Storing HTTP cookies manually in Android

When building cross-platform or non-full-native apps in Android you might want to implement your login/register or other logic screens with native components for several reasons. I’ve found myself a couple of times in this situation, where the core of the app runs via WebView but many other parts (login, toolbars, sidebars, loaders…) are implemented natively. If that’s the case, controlling the flow can be a bit hard if you want to keep the most updated information of the WebView interactions and state. The way web apps handle this is usually with the typical cookies stored in your device/browser, but there’s not much information about how to obtain cookies and insert them manually in your app’s sandbox to be automatically used by your app’s WebViews.

The method I use in my applications is the following. When logging or doing any other call to your domain from your native components, your calls should return an HTTP formatted cookie as you’ll do in PHP for example, using the format of the ‘Set-Cookie’ HTTP response header. An example is:

yourCookieName=ThIsIsARanDomHAsHThATForEXamPLEIdentifiESAnU$er; Path=/login; Expires=Wed, 13 Jan 2021 22:23:01 GMT; Secure; HttpOnly

Then you save it on your application’s CookieManager using the following method:

public static final void setCookie(String url, String cookieName, String cookieContent) {
	CookieManager.getInstance().setCookie(url, cookieName + "=" + cookieContent);
	if (Build.VERSION.SDK_INT >= 21) CookieManager.getInstance().flush();

After some testing I noticed that the flush explicit call is necessary for devices Lollipop and above because the cookie insertion is way more delayed than in older versions and might not be inserted if you close your application after calling it, but there’s not much science there so test it if you have older devices available.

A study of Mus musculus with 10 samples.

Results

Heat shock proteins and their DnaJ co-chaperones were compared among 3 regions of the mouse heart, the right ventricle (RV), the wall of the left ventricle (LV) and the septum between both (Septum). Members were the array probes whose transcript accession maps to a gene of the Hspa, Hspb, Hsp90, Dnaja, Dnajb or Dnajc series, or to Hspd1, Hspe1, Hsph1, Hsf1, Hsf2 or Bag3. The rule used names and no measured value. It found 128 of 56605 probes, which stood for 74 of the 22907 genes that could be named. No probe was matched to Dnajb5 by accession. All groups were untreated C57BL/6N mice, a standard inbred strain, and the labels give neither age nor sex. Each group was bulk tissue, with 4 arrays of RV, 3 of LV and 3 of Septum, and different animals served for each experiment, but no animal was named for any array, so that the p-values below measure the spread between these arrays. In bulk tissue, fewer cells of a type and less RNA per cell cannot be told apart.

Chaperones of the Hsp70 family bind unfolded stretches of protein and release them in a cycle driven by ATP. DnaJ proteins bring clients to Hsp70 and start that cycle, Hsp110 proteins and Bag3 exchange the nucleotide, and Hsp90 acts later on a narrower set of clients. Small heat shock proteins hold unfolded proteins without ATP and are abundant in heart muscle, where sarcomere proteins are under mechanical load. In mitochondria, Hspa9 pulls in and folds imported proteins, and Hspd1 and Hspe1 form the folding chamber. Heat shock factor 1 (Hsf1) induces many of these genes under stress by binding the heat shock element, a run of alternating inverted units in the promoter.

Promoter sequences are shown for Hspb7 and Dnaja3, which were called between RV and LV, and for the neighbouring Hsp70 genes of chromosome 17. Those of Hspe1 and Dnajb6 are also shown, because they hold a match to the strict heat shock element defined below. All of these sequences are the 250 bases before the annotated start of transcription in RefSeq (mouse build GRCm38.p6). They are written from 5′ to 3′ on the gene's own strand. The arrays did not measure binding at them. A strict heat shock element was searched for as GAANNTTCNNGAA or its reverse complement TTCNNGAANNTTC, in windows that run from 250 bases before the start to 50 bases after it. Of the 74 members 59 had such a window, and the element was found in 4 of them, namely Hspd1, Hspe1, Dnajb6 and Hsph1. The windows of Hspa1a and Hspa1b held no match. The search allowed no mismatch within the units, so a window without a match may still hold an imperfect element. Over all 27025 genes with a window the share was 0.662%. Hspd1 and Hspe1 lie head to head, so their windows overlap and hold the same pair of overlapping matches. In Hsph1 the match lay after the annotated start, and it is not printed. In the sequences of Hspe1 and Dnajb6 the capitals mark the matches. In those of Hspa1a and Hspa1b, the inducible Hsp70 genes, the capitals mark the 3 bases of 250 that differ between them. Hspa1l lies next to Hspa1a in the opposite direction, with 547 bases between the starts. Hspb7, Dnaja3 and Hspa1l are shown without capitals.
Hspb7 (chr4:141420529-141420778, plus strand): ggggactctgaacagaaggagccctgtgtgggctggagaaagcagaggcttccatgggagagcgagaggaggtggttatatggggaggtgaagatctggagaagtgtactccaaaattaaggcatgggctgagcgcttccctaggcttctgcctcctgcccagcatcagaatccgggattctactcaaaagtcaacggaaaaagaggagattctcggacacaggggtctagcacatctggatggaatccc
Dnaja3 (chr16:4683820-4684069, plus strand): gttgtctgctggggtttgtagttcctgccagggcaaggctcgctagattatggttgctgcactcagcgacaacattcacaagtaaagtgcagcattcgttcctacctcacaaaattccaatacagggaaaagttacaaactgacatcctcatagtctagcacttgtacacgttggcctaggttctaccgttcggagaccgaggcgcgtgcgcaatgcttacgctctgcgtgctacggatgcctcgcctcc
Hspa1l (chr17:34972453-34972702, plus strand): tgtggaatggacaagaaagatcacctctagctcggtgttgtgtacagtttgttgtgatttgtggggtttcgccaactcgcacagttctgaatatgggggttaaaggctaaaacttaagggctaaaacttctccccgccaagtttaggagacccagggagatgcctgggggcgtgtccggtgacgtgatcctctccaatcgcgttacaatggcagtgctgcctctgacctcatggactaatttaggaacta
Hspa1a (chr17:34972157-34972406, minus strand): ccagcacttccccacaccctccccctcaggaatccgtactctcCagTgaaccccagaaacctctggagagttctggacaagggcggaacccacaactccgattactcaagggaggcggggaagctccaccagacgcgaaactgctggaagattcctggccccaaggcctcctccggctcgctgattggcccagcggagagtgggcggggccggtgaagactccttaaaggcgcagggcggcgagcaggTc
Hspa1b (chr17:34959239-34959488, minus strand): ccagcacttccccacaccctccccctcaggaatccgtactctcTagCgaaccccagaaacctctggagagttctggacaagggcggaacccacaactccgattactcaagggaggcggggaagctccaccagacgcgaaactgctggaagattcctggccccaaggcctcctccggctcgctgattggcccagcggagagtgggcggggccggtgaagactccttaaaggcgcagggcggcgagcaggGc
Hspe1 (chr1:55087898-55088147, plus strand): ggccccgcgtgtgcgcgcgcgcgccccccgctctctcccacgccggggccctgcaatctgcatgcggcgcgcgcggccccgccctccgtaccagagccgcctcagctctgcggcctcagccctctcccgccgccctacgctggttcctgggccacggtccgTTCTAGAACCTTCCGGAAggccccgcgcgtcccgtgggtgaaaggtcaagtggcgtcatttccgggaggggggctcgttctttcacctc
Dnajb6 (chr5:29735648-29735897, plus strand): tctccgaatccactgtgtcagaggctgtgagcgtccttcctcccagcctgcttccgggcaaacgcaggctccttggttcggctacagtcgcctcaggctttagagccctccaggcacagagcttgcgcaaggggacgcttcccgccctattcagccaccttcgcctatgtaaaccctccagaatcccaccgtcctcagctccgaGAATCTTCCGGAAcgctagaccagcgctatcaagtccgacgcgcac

Anyways, if you prefer (or need) to stick to the non-blocking method use the CookieManager setCookie method that accepts a ValueCallback as parameter and implement your onReceiveValue to receive the callback when the operation is finished.

To know if you have a certain cookie for your url, you can use this method:

public static final String getCookie(String url) {
	Log.d("COOKIES", HAS COOKIE?: " + CookieManager.getInstance().hasCookies());
	return CookieManager.getInstance().getCookie(url);

If there’s a cookie for this URL, you will get its content.
Keep in mind that the described mechanisms are useful because when you create and load your WebView, it will automatically have access to these cookies so you don’t have to worry about anything else. For example, if you manually store a session and then you open your webapp in a WebView, the session will be automatically logged. Actually it will depend on the way you implemented the webapp, but it should be like that.

Finally, to delete this cookies you can call the CookieManager removeAll method but this will remove all your cookies which makes this method a bit dangerous. Instead, if you want to remove a single cookie, use the setCookie snippet described above with an empty content string or something that doesn’t make sense to your webapp.

If you have any question, correction or anything to add to this post, please feel free to leave a comment!